Prelims Syllabus : International Policies & Schemes Mains Syllabus : GS-II Issues relating to development and management of Social Sector or Services relating to Health, Education, Human Resources.
Why in News?
- According to the Global Nutrition Report 2020 which was released recently, India is among 88 countries that are likely to miss Global Nutrition Targets by 2025.
About the Report:
- This report has been produced by the Independent Expert Group of the Global Nutrition Report, supported by the Global Nutrition Report Stakeholder Group.
- The Global Nutrition Report was conceived following the first Nutrition for Growth Initiative Summit (N4G) in 2013. The first report was published in 2014.
- The Global Nutrition Report acts as a report card on the world’s nutrition—globally, regionally, and country by country—and on efforts to improve it.
- It assesses progress in meeting Global Nutrition Targets established by the World Health Assembly.
- The World Health Organization (WHO) is a Global Nutrition Report Partner.
What was the Target?
- In 2012, the World Health Assembly identified six nutrition targets for maternal, infant and young child nutrition to be met by 2025.
- These require governments to reduce stunting by 40% in children under 5 and prevalence of anaemia by 50% among women in the age group of 19-49 years, ensure 30% reduction in low-birth weight and no increase in childhood overweight, increase the rate of exclusive breastfeeding in the first six months up to at least 50% and reduce and maintain childhood wasting to less than 5%.
Key Findings of the Report:
- According to the Global Nutrition Report 2020, India will miss targets, for all four nutritional indicators for which there is data available, i.e. stunting among under-5 children, anaemia among women of reproductive age, childhood overweight and exclusive breastfeeding.
- The Report has identified the country as one with the highest rates of domestic inequalities in malnutrition.
- Between 2000 and 2016, rates of underweight have decreased from 66.0% to 58.1% for boys and 54.2% to 50.1% in girls. However, this is still high compared to the average of 35.6% for boys and 31.8% for girls in Asia.
- In addition, 37.9% of children under 5 years are stunted and 20.8% are wasted, compared to the Asia average of 22.7% and 9.4% respectively.
- One in two women of reproductive age is anaemic, while at the same time the rate of overweight and obesity continues to rise, affecting almost a fifth of the adults, at 21.6% of women and 17.8% of men.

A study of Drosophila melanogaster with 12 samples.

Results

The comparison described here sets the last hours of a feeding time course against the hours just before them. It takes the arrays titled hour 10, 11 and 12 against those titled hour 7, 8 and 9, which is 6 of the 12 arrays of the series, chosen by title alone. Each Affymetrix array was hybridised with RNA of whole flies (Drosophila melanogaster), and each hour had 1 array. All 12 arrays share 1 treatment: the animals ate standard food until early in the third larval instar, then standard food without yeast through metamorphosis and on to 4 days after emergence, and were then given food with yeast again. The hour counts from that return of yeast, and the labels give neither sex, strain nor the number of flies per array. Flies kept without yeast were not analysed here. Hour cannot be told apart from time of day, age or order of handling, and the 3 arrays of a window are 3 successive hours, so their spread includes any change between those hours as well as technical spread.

Addressing Inequity and Malnutrition:
- The report emphasises on the link between malnutrition and different forms of inequity, such as those based on geographic location, age, gender, ethnicity, education and wealth malnutrition in all its forms.
- “Inequity is a cause of malnutrition — both under-nutrition and overweight, obesity and other diet-related chronic diseases.
- Inequities in food and health systems exacerbate inequalities in nutrition outcomes that in turn can lead to more inequity, perpetuating a vicious cycle.
- Malnutrition refers to deficiencies, excesses or imbalances in a person’s intake of energy and/or nutrients.
- It is often Split into two Broad Groups of Conditions:
- Under nutrition, including stunting (low height for age), wasting (low weight for height), underweight (low weight for age) and micronutrient deficiencies or insufficiencies (a lack of important vitamins and minerals).
- Overweight, obesity and diet-related non-communicable diseases (heart disease, stroke, diabetes, cancer, etc.).
- In April 2016, the United Nations General Assembly adopted a resolution proclaiming the UN Decade of Action on Nutrition from 2016 to 2025.
- The Sustainable Development Goal (SD Goal 2: Zero hunger) aims to end all forms of hunger and malnutrition by 2030, making sure all people – especially children – have access to sufficient and nutritious food all year round.
- This involves promoting sustainable agricultural practices: supporting small scale farmers and allowing equal access to land, technology and markets.
What are the Concerns?
- India is identified as among the three worst countries, along with Nigeria and Indonesia, for steep within-country disparities on stunting, where the levels varied four-fold across communities.
- Stunting level in Uttar Pradesh is over 40% and their rate among individuals in the lowest income group is more than double those in the highest income group at 22.0% and 50.7%, respectively.
- In addition, stunting prevalence is 10.1% higher in rural areas compared to urban areas.
- The same applies for overweight and obesity, where there are nearly double as many obese adult females than there are males (5.1% compared to 2.7%).
- The Global Nutrition Report 2020 finds again that the problem of malnutrition remains severe across all regions and none of the countries are on course to meet all nine global nutrition targets.
- Malnutrition is responsible for more ill-health than any other cause. The health consequences of being overweight and obese contribute to an estimated four million deaths globally.
- It clearly projects that strong commitments should be designed for impact which can be continuously monitored and deliver to end malnutrition in all its forms.